How to Manage Expenses on Bring-Your-Own-Device (BYOD) Policies

Now more than ever, people are inseparable from their electronics. Brimming with notes, calendars, and auto-populated passwords, our devices bring convenience and efficiency to our daily lives – including the time we spend at the office. That’s why many companies have developed BYOD initiatives, allowing employees to bring their own phones, laptops, and tablets to work instead of the usual company-owned devices.

Given the popularity of such initiatives, it’s worth taking a closer look at them. BYOD policies aren’t without their advantages. But there are drawbacks, too – and some organizations are refining their policies regarding personal devices on the job, or redacting them altogether. No matter where your company stands on the issue, consider asking yourself these three questions as you evaluate your own BYOD policies:  

1. What are the advantages of a BYOD policy?

Done right, a BYOD policy can save your company money. Equipped with familiar tools, workers feel empowered to complete tasks in less time. They can check in on projects no matter where they are, and have added incentive to keep their electronics safe and well maintained. That translates to saving your company time and resources that would normally go toward purchasing devices and training employees on how to use them.

BYOD policies may also allow companies to benefit from newer technologies faster – for instance, giving employees access to apps that capture expenses or make travel booking more seamless can add up to a tremendous boost in numerous small ways.

Such policies can also free up IT departments, allowing them to focus on important issues that demand extra time. As a result, your organization can benefit from a more stable infrastructure and lower overall costs. A faster internet connection and a more responsive IT department is good news for everyone.    

2. What are the drawbacks of allowing personal devices?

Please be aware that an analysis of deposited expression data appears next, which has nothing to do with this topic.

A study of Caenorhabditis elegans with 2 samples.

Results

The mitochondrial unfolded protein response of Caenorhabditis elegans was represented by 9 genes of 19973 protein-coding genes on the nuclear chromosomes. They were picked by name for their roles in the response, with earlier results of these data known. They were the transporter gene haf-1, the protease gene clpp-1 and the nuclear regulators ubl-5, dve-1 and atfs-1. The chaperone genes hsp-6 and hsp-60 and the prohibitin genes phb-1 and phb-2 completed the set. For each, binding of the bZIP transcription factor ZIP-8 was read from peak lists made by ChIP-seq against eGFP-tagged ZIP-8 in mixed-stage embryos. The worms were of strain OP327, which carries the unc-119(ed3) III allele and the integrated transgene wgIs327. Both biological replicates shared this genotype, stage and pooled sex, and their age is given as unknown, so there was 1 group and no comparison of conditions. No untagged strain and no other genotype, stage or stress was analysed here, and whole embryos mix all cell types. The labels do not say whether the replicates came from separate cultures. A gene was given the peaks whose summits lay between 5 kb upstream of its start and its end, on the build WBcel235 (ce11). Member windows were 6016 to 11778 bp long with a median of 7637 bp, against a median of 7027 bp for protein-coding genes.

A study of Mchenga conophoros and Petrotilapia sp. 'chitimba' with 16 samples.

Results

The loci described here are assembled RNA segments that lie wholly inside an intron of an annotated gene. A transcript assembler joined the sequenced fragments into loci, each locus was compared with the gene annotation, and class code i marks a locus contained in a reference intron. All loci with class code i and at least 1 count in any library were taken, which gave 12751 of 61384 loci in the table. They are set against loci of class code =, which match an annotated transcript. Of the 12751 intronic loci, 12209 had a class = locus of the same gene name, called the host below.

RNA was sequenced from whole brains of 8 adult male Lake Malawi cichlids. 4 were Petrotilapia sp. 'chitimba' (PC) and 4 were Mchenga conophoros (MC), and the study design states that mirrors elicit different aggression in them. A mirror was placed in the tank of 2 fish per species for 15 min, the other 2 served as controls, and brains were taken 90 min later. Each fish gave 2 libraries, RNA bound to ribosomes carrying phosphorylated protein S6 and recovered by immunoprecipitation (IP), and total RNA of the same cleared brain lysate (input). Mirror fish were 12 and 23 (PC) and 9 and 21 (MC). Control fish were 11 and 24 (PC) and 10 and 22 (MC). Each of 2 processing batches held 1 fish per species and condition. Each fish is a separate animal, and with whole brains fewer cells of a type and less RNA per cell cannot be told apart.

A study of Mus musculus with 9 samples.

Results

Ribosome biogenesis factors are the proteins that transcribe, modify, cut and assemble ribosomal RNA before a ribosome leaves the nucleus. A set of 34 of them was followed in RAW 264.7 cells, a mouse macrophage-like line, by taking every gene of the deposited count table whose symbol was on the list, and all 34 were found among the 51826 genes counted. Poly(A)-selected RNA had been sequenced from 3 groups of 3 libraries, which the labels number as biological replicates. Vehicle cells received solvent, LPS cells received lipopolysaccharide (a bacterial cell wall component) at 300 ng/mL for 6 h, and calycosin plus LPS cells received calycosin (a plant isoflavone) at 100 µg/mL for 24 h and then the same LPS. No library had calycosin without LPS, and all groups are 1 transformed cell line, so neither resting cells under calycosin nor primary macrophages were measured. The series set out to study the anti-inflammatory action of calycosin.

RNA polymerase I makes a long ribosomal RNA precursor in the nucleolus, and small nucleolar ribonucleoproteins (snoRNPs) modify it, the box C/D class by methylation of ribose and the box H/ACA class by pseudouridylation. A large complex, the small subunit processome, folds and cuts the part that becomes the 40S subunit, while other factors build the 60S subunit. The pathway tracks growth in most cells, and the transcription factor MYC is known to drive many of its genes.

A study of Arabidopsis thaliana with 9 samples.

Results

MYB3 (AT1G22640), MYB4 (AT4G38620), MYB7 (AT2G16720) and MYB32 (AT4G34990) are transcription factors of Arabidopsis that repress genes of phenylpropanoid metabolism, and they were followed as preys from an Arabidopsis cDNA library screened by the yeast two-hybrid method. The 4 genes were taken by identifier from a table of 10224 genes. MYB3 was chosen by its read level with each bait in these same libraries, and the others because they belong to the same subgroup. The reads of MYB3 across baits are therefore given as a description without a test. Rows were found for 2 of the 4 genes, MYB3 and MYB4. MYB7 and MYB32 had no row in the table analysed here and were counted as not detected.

From security concerns to complications with expense reports, BYOD policies have a dark side. Allowing employees to access sensitive material from their laptop or tablet could open the door to hacks or damaging leaks, as the security on these devices may be subpar or even nonexistent. Worse, their gadgets might fall into the wrong hands if they are ever lost.

Accounting departments also face new challenges as they try to figure out how to reimburse users for expenses. To complicate things further, new laws have added regulations to BYOD programs that may not be addressed in your organization’s policy. In California, one such law threatens to overturn BYOD policies altogether, as organizations scramble to create budgets and adjust expectations for new expenses.  

3. What should my organization include in a BYOD policy?

The evidence against allowing personal devices can seem intimidating, but a good policy can give you the confidence to move forward knowing that you’ve covered your bases. As you create your BYOD policy, consider including:

  • A clear outline. Let your workers know which devices and operating systems are acceptable, and which are not. If software required to complete a job won’t work on someone’s device, they’ll have to use a company machine. It’s also reasonable to require them to use the most efficient available method for completing a task.
  • A list of approved carrier plans + allowable monthly costs. Plan a budget and avoid nasty surprises by capping allowable monthly costs. That way, you’ll stay in control of spending while allowing your employees the freedom they want.
  • A plan for reimbursement. Keep everyone on the same page by suggesting several different reimbursement methodologies and letting employees choose which one works best for them.
  • Ongoing oversight. Don’t let your policy get stale. Keep it current by updating it regularly based on new laws, or what works best for your organization.

Whether you say “yes” or “no” to BYOD, the only mistake you can make is not thinking it through and making a policy that suits the needs of your organization. Careful planning, reasonable expectations, and a policy in writing can help make your choices a success.